Maybe it’s the mountain air. Maybe it’s because for the first time in three years, the World Economic Forum meeting is back to normal as a physical gathering in Switzerland in January. For whatever reason, the world’s bankers, CEOs, and policymakers are sounding cautiously optimistic about 2023.
Take the world’s second-largest economy: China. On Tuesday, Vice Premier Liu He said Chinese life had returned to normal with the lifting of pandemic restrictions. “We are confident China’s growth will most likely return to its normal trend,” he added. If he’s right, China’s growth would nearly double from 3% last year, helping to buoy the world economy at a time when the West is slowing.
The head of OPEC: “We’re seeing signs of green” for the global economy, OPEC Secretary-General Haitham Al-Ghais told Bloomberg Television in Davos. The chairman of tech and engineering giant ABB: The worst of the computer chip shortage is over, Peter Voser told CNBC. At the International Monetary Fund, First Deputy Managing Director Gita Gopinath now expects “improvement” in the latter half of 2023.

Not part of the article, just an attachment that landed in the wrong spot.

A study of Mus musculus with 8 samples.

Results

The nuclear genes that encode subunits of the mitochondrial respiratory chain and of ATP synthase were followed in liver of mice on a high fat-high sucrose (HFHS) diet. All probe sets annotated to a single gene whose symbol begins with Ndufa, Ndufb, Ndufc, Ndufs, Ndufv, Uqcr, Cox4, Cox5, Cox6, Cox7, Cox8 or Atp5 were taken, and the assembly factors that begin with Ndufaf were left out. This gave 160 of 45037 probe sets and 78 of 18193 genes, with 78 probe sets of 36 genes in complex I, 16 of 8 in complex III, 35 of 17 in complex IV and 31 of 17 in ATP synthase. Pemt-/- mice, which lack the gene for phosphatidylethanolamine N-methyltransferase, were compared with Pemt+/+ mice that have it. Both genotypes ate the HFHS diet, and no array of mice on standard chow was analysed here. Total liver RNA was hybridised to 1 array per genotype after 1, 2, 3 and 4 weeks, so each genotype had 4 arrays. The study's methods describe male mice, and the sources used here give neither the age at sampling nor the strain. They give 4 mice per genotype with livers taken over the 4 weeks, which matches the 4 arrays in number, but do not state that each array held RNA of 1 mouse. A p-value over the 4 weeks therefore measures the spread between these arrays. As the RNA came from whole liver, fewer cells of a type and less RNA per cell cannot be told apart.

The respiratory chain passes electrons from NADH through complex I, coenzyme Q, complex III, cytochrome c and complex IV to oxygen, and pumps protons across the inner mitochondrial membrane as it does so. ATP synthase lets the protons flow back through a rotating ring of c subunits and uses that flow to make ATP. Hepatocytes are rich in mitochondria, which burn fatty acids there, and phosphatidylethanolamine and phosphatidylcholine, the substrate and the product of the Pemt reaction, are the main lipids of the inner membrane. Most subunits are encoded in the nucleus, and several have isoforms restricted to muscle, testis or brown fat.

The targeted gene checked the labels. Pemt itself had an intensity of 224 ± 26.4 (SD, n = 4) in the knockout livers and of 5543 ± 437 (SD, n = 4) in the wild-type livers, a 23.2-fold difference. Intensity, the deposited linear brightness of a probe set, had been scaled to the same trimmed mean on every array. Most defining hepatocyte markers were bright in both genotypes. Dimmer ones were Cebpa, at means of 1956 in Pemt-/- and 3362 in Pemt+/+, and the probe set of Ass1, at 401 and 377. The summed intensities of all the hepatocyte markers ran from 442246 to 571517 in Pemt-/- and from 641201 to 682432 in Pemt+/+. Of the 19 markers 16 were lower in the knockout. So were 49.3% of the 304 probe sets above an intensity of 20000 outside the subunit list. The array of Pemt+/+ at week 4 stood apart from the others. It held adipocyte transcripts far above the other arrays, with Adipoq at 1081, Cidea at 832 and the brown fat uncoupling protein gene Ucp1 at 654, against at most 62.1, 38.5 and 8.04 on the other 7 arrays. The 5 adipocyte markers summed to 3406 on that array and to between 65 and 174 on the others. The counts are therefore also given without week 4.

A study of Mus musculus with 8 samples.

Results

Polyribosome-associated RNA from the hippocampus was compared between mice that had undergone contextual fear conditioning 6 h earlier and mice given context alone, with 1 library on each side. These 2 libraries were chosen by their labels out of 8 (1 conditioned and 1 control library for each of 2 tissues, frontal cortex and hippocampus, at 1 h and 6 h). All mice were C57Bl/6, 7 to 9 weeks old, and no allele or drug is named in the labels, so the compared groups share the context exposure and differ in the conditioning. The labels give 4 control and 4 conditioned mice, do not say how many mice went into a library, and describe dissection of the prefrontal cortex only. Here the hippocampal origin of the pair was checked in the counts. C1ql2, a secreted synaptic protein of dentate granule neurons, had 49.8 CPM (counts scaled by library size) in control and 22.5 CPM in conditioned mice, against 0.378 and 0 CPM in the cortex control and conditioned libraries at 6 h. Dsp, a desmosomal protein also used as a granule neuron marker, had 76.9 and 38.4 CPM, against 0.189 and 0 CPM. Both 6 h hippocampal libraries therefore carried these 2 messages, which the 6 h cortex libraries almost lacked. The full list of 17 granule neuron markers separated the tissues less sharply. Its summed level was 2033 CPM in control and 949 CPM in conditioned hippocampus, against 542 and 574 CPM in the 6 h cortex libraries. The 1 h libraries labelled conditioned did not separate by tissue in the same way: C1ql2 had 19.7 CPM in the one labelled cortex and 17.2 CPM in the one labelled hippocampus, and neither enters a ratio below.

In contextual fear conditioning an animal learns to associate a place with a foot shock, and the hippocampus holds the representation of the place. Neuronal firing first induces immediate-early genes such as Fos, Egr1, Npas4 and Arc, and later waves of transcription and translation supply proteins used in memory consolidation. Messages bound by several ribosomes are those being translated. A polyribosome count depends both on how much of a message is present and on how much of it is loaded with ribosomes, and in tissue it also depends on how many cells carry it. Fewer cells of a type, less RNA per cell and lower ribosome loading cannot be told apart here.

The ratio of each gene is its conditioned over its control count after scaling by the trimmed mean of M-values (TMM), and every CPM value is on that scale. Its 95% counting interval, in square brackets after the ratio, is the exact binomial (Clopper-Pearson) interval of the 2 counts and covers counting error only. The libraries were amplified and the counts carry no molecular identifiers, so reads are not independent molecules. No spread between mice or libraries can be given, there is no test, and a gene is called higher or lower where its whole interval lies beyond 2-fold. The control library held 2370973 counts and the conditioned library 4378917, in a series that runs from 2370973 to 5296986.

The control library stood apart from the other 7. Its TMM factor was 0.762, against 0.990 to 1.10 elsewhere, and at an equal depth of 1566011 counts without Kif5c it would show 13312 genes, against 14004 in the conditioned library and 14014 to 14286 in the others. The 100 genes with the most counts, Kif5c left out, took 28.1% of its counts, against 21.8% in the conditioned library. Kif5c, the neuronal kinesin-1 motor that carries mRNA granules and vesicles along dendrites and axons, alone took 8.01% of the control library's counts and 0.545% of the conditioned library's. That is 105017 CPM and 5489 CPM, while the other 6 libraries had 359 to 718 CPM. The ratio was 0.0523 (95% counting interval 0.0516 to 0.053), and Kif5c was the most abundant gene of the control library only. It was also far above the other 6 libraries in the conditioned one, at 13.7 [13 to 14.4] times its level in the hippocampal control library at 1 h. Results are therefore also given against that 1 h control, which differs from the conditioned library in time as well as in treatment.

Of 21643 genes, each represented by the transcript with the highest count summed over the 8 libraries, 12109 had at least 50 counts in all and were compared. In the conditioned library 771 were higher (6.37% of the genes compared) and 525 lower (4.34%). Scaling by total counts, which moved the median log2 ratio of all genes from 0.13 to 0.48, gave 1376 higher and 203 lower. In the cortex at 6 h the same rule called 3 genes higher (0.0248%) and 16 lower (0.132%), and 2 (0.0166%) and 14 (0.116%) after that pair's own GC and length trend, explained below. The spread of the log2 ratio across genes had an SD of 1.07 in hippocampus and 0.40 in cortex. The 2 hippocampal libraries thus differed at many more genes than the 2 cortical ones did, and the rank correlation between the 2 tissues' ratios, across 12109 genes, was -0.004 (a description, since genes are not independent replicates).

Even in Germany, hit hard by the war in Ukraine, Chancellor Olaf Scholz said the nation’s energy supply is now secure despite Russia’s cutoff of natural gas. The move is also speeding up Germany’s transition to green energy, he added.
The world economy still has several valleys of risk to navigate in 2023 – such as uncertainties regarding inflation, recession, and interest rates. But at least there’s some sunlight on the peaks.